Despite continued remote learning, challenges, and other cancellations due to the COVID-19 pandemic, Girl Scouts is still here, helping girls and families stay connected to each other and their community. Our mission to build leaders—who can navigate good times as well as uncertain ones—is critical. In fact, we’ve taken this crisis and turned it into an opportunity to offer innovative and safe ways for girls to make new friends and learn life skills.

When your girl joins Girl Scouts, she gains immediate access to many exciting opportunities—even if her troop is unable to meet in-person right away.

  1. Starting kindergarten is a rite of passage for children and families, but many of the usual ways teachers and caregivers prepare their kids for kindergarten have been cancelled. Our “Make New Friends” virtual event series is a free kindergarten readiness program to help your girl boost her social skills, giving her the self-confidence to thrive in a classroom or virtual school setting.

  2. From topics like automotive engineering and STEM careers to civics and entrepreneurship, new badges released by Girl Scouts of the USA in July give girls more opportunities to practice ambitious leadership. Girl Scouts can even earn badges on their own, sharing what they have learned with their family. In fact, parents and caregivers are encouraged to join their girl as she learns new skills and explores careers, many of which are traditionally male dominated fields.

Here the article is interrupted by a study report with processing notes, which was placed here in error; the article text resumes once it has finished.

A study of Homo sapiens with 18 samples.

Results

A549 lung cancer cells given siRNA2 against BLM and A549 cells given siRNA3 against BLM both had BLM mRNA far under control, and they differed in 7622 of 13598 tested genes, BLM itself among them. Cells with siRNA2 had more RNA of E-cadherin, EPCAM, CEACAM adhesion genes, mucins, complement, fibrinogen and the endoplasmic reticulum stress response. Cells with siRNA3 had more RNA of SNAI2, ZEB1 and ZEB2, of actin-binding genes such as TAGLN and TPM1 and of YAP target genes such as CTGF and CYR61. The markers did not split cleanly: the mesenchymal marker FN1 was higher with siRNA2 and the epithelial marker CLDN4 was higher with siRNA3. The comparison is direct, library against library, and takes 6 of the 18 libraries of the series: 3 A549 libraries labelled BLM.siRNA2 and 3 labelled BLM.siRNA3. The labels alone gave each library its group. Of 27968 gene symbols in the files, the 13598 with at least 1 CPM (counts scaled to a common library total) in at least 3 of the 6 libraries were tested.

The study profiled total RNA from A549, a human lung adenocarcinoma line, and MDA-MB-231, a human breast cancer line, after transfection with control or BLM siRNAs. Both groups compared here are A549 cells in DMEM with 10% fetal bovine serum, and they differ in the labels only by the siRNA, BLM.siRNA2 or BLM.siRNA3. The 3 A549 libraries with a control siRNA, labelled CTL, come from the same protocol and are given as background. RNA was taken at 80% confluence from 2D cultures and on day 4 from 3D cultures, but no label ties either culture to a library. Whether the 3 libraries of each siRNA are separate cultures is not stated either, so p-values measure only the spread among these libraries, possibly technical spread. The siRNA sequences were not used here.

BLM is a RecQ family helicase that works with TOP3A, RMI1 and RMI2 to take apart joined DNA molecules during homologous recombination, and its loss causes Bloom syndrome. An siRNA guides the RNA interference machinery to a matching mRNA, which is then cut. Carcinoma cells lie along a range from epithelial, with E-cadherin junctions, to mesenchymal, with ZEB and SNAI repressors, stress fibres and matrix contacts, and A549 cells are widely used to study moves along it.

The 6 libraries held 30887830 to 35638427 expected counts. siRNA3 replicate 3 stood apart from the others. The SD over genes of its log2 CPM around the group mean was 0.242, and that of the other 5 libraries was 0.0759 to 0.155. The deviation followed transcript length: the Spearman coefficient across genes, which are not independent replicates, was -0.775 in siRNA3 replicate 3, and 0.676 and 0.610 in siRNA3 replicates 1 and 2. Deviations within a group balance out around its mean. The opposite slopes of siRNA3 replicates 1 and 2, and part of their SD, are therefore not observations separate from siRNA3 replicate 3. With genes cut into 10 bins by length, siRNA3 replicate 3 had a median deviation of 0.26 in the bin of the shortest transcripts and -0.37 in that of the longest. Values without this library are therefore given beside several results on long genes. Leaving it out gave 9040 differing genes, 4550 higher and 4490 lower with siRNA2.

3. Families can also participate together in GSCO’s NEWDiversity, Equity, and Inclusion programming and earn the “Diverse. Inclusive. Together.” patch. This is an opportunity for families to not only have conversations about differences, race, and racism, but also for caregivers and siblings to learn more about Girl Scouts’ core values.

  4. Our free virtual monthly badge series kicked off this summer with girls learning how to code and explore the outdoors. These series also give girls the opportunity to connect with Girl Scouts statewide and share what they learned in a safe, virtual setting. New topics are planned for this fall. Girls can earn badges in these series on their own or with their troop.

Karen Grealey leads her younger daughter’s Daisy troop, as well as her older daughter’s Junior troop. She has arranged for both troops to meet virtually over the summer, allowing the girls to earn badges, complete art projects, and most importantly stay connected. “It’s good for them just to be able to get together and be more social and less structured,” she said. “They are just so excited to see each other that I just let them organically interact with each other. ”

Virtual learning and training opportunities are also available for adults interested in volunteering. The Explore More Club connects adult volunteers statewide, allowing them to learn how to teach particular topics/badges to girls. The club focuses on a different program topic every month, giving volunteers the chance to connect and share with other statewide. We also have resources for troops to meet virtually, many of which are free and low-cost.